Most people do a fair -- or even a large -- amount of physical and mental exercise, during the course of a lifetime. But what about our ability to appreciate places, when so much is stacked against them?

Every year, during my annual visit to Yuma, AZ, I try to build my muscles when it comes to appreciating this gawd-awful thermal hell-hole, and I'm happy to report some success.

The endeavor is so much easier during the two month window in mid-winter. Unfortunately all it takes is a little bad luck with the heat and I have to beat down an absolute detestation of this place.

Yuma is one of the few places in Arizona that doesn't have lots of obvious natural beauty. That might be the place where a visitor can really exercise their muscles.

Consider all the agriculture in the area. Yes it is irrigated and petrochemically-addicted. The soil does nothing other than provide mechanical support for the roots and soak up the chemicals. Still, the plants are green, and they do make food out of it, if you call lettuce 'food'. That is a rare prize in the arid West.

I like to push aside the usual notions of tourist scenery and think of the unique beauty of all this agriculture.

The winter traffic in Yuma tries to compensate for the decline of heat-misery. I have good luck shopping at 0500 hours. My favorite grocery store opens then. For about an hour, the shopper can be relaxed. 

The balminess of Yuma nights is sweet, compared to the chilliness of most places in the Southwest. It seldom falls much less than freezing, or the winter agriculture would stop.

Then I try to mountain bike in the moonscape...and it actually works a bit. Just don't fall off the bike and land on those rocks! There is virtually no organic content to the soil. You have to just stare at the ground and tell yourself, "This really is a part of planet Earth."

Think about river valleys as the cradle of civilization. But that didn't really happen near Yuma, did it? 

What about wildlife? Migratory birds sure love the Colorado River fly-way. How do coyotes survive summer here? They are canids, and canids are always hot.

The luckiest critters are the rodents. They get to live underground. I wonder what the temperature is, three feet underground. Why did humans (and Yumans) ever get it into their heads to live above the ground? 

Most of the ocotillos are leafed out this winter. Normally they are a lifeless pole of needles. But now they are green and give your mind soft, kind thoughts to work on.


Ted said…
I suppose it’s all in what you’re used to. My father took us to the Colorado River often in the summers, near Parker usually. Or Joshua Tree, Borrego, or various other Mojave & Sonoran desert destinations. I grew up appreciating it as “normal”. I like it, even in the oven heat of summer. As a teen, this was THE place to go in the summer to get away from Southern California crowds. Water sports helped, of course, but often we’d hang out deep in the desert away from any water.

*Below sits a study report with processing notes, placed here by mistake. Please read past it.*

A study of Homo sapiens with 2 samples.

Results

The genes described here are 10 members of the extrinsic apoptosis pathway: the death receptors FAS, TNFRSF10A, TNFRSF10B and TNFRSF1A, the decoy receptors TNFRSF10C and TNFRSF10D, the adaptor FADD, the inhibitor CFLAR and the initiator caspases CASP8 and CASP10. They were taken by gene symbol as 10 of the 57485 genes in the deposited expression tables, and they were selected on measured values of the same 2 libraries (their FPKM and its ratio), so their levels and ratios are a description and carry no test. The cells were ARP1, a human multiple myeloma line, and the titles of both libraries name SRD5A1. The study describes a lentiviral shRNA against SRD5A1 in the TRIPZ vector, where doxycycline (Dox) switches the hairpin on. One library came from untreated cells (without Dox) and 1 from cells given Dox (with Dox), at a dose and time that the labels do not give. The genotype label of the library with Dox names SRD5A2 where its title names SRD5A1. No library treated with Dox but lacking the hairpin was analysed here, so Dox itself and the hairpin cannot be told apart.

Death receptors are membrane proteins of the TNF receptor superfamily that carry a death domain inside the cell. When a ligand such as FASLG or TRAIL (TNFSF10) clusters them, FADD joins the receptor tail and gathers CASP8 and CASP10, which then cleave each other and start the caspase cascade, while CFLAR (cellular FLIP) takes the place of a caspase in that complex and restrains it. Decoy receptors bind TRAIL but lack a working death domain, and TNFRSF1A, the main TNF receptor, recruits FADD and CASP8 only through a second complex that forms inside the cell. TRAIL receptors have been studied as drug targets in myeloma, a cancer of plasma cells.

Summers meant either beach or desert, rarely anyplace with “green”. I miss both if I haven’t visited lately. I need to swing by the coast again next year, I think. It’s been two years since I walked barefoot on the sand with salty Pacific waves washing over them. Such things say “home” to me.
Ed said…
The ocotillo are leafed out because of recent rains. They loose their leaves as they dry out but will leaf out again after a good rain. Maybe 3-4 times during a year.
XXXXX said…
The problem is that we tend to view and judge our environment through human experience which, in the big picture, is severely limited. "Green" is good because it connotes food in its prime, moisture, life; the ground is "soil" when it can support organic growth, "dirt" when it cannot; temperature is "good" when it is compatible with human comfort, etc.
However, we have the option of observing our environment from a different perspective. Heraclitus, from about 500 B.C. saw everything around him in terms of "becoming". Not for a microsecond is anything ever the same. There is a constant motion of inflow and outflow. Even the waves of the ocean that Ted mentioned are no two alike. The leaf of a tree changes constantly in shape, form, and color until it reaches its demise. The entire movement of the universe is one of becoming and unbecoming. Every small change that occurs has a cause. There are perpetually opposing forces clashing which eventually harmonize to create this process of becoming and unbecoming.
So instead of looking at one's world through limited human experience, open to the greater picture of the everlasting movement of the universe. On a personal note, this helps me back off from my human ego, my human judgment, and instead enjoy the greater order around me, always coming and going. Frankly, it also helps me to prepare for my own ultimate unbecoming, which is not an easy thing to do as long as I allow myself to stay in my human ego. Staying in that ego ultimately does not serve us well.
George, that was an interesting comment. It might be too philosophical for me, though. I don't want to dehumanize nature into something cold or mathematical. But I am all for looking at nature from a less personal perspective, as long as it stays anthropo-centric.
Dave Davis said…
There is a simply beautiful place near 22nd Street and water Street. It's a wetlands park, and very close to the river. You can almost forget where you are.

Other than that, after 7-10 days I'm ready to leave.
Dave D, yes there are some nice areas in the park. I like the bicycle path that goes right by them.